Zoey Deutch, wearing Max Mara, is the recipient of this year’s Women in Film Max Mara Face of the Future Award. Though a fashionable new face, she is also a major fan of thrift stores. (Max Mara)

As an Italian fashion brand that has been around since the early 1950s, Max Mara is known for its perennially stylish offerings of sophisticated, enduring pieces.

But the label is also remarkably adept at picking its yearly ambassadors. Its previous Women in Film Max Mara Face of the Future Award selections, chosen with entertainment advocacy organization Women in Film, have been Elizabeth Banks, Hailee Steinfeld, Zoe Saldana and Kate Mara, all of whom are in the midst of strong careers.

The latest recipient, Zoey Deutch, 22, most recently seen in “Why Him?” and “Before I Fall,” would appear to be no different.

“Our criteria has always been to choose a young woman of talent who has the future in front of her,” said Nicola Maramotti, Max Mara brand ambassador and European retail director of development. “She’s always been a woman of style and elegance. Zoey is full of energy and idealism.”

Deutch was the center of attention at a Women in Film Max Mara Face of the Future cocktail party earlier this month at the Chateau Marmont, where guests included Jon Hamm, Molly Sims and Bellamy Young, and where Deutch’s slender, scarlet velvet Max Mara pantsuit and bralette made her “feel powerful and confident,” she said.

It was a far cry from her ensemble earlier that day while doing press at Sunset Tower Hotel, where she wore scuffed Converse sneakers, faded jeans and an oversize coat — all thrift store finds that fit in with Deutch’s self-described “granny chic” leanings. We chatted with Deutch about being the Face of the Future, shopping and handling Hollywood’s pressures, among other topics.

It seems early in my career to earn an award like this. But to me, it’s about looking ahead and potential. It’s about what’s to come, and that feels like an encouragement.

The award is typically given to an actress on the cusp of a major career moment. What was your turning point?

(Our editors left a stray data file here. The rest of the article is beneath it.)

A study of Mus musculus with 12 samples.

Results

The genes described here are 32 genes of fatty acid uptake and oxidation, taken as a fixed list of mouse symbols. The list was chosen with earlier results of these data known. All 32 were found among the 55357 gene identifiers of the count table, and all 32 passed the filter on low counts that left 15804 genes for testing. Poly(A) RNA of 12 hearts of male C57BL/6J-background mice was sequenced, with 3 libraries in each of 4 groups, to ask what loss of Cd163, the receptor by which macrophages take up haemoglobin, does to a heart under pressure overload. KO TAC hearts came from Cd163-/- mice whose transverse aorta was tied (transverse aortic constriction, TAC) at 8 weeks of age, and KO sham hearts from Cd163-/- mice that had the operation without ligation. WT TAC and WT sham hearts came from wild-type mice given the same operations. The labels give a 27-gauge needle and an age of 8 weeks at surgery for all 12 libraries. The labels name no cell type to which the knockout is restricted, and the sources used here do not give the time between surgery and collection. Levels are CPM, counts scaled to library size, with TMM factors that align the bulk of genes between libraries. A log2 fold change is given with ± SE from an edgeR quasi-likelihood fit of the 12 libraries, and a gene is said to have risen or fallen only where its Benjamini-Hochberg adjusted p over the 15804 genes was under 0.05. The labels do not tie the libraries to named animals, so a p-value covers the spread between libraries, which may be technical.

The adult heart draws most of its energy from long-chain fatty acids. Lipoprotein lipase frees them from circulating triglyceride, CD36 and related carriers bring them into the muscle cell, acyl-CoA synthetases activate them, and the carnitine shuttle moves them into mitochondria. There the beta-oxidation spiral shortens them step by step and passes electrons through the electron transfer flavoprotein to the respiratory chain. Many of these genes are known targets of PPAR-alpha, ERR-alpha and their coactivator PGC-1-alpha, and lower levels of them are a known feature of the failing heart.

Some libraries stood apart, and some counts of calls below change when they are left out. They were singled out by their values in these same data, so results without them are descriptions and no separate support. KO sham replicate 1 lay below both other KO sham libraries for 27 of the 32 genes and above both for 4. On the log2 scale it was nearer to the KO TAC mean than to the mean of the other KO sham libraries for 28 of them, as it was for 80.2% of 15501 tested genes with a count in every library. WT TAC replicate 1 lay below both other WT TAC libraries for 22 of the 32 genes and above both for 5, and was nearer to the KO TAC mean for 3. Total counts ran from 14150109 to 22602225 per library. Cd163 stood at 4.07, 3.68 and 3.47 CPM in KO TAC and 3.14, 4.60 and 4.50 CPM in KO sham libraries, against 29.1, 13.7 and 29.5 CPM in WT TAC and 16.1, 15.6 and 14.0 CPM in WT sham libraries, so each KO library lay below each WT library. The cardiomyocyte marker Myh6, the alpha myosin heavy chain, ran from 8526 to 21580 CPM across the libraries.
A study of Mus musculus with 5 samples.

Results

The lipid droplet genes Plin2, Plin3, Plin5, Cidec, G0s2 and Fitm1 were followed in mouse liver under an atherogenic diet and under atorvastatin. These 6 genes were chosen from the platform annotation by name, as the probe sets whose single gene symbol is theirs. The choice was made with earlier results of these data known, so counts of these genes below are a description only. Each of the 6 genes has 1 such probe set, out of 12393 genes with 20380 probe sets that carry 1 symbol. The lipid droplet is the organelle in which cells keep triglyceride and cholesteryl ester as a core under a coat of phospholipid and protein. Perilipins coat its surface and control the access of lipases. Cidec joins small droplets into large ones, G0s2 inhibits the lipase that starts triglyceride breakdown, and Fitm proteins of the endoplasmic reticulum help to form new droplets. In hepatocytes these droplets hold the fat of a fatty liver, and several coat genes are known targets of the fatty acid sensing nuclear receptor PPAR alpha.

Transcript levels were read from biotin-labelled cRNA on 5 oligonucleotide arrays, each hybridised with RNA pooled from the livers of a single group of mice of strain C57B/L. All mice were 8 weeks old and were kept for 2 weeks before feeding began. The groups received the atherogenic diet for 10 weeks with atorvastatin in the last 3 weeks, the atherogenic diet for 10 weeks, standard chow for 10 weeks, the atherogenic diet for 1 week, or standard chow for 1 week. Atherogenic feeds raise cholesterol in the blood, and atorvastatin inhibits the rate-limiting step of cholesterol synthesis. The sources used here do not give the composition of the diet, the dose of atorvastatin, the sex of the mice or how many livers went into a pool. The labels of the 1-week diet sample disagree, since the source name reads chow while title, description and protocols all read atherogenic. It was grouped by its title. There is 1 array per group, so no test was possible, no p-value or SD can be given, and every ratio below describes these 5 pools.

I’ve been working consistently for years, but everything is coming out at the same time. I come from a family of women in film. My sister [Madelyn Deutch] is a writer and actor. My mother [Lea Thompson] is a director and actor. I feel now that I’m being included in another family of women in film, where women can be encouraged and celebrated. It dawned on me that the last three movies I’ve been in have been written and directed by women. I’m currently shooting a film that has a female writer, producer, director, editor and production designer. I didn’t necessarily seek that out. They were just the best projects and the best people.

How much of a fashion fan are you?

Ultimately, I just want to feel powerful and beautiful. The right outfit feels like a suit of armor. It makes you walk differently and hold your head up high. That’s a real gift. But the thing about following trends is that you’ll look back later and say, “That wasn’t me.” Just follow what makes you comfortable and happy.

The future is now: Deutch, honored with Women in Film Max Mara Face of the Future Award, with her mother, Lea Thompson, both in Max Mara, at Women in Film’s Crystal + Lucy Awards at the Beverly Hilton on June 13. (Rachel Murray / Getty Images)

My motto is: Work hard, stay humble, be nice to people. I’m excited when people want to take pictures with me.

Did you pick up style tips from your mother?

Everyone in my family is big on thrift-store hunting. I have family in Montana, and we go to thrift stores there. They’re the best to rummage through because people don’t know the gold that’s hidden there. And I love fashion with a sense of humor. I love going to [Los Angeles boutique] Opening Ceremony to explore these new designers who are having fun. I like to walk in there and see how people’s brains are working.

My motto is: Work hard, stay humble, be nice to people. I’m excited when people want to take pictures with me. I think about the people I’ve walked up to to ask for a picture and how nice they’ve been. I once asked Will Ferrell for an autograph, and he made me laugh, which is exactly what I wanted from that exchange.